By Diane Ako
When Susan Koki walked into a King Street watering hole last April to pick up her son, she never expected she would find the love of her life. "I had been a single mother since 1995, and I was content. I wasn't looking for a man, and I was prepared to spend the rest of my life this way," she recalls.
She met up with her son, Dillon, who said he wanted to introduce her to his favorite bartender, Danny Higa. "Something clicked. It was the sparkle in his eye, and his engaging smile," said Koki.
It was instantaneous for him, too. The chemistry was intense and fast-acting. "I knew quickly this was someone special," said Higa.
It was mid-April. The two started going out. "By the end of April, I knew this was the man I wanted to marry," Koki said.
Then, she says, destiny stepped in. On the evening of May 4, the two met for a date. Koki was running late, and when she arrived, Higa told her he had a chest cold, was tired, and was going to go home. "My car was blocked in, so I needed to wait for her to come and drive me home," he recalled.
Koki said he looked terrible, but Higa insisted he was fine and wanted to go to sleep. When he jumped in her car, Koki drove him to the emergency room. "She told me I could get mad at her tomorrow if it's just a little chest cold, but I was going to see a doctor tonight," said Higa.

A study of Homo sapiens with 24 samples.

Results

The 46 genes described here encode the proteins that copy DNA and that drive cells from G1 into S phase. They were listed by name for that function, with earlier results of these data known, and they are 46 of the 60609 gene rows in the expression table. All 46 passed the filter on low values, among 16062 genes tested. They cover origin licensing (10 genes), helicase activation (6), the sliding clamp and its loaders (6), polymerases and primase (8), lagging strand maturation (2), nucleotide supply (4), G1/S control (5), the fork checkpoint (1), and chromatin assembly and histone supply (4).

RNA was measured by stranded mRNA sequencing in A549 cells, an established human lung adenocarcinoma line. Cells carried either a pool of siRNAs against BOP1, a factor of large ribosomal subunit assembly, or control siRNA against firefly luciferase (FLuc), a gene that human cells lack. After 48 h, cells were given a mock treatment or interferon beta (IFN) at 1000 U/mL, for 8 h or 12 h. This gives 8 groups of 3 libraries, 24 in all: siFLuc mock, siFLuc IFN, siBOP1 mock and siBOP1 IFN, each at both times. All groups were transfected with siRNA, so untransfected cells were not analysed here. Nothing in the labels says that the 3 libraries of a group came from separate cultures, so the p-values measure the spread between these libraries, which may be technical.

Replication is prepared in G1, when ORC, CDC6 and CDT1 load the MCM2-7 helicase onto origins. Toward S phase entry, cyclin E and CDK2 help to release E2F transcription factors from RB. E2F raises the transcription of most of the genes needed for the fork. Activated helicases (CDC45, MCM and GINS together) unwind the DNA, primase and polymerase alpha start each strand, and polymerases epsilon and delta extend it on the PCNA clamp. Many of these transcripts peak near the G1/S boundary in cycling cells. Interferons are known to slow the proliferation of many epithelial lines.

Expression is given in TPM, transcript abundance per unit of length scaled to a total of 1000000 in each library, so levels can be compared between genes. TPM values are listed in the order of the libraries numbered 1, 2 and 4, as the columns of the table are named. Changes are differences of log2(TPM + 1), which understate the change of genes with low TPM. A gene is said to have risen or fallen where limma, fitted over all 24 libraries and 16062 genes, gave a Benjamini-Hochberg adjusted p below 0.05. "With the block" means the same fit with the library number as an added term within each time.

Koki's instincts proved right. Immediately, a nurse noticed Higa's hands had turned blue. He was taken right away into ICU for what became a ten day stay.
Higa had serious heart problems, and the medical team needed to induce a coma. He had a 20 percent chance of survival. "It was so serious, my family was called in to say goodbye. My son even flew in from the mainland," explained Higa.
"Talk about crash course in meeting the whole family," Koki jokes now. At the time, though, it was overwhelming for her - and ironic that two people who were not even looking for love, found it, only to possibly have it torn away all too soon. "How can this be?" she remembers thinking. "I just met my soulmate!"
When it came time for Koki and Higa to say goodbye, "I just kept saying sorry," he said. "I never thought I would be at death's door."
For ten days, she kept vigil at his side, talking to him, telling him of all the things they have yet to do together. When he woke up, the first words he said to her were, "I love you. I can’t live without you. Marry me now!"
Koki said no. She knew she wanted to be his wife, but not under these rushed circumstances. So they planned a date for the one year anniversary of his hospitalization.
The two are flying to Big Sur, California, to be wed in a small, intimate ceremony in front of family and a few close friends on May 4.
"It's only fitting," explained Higa. "It's not the day my life almost ended. It's the day it began, with the revelation that it was the start of something great with Susan."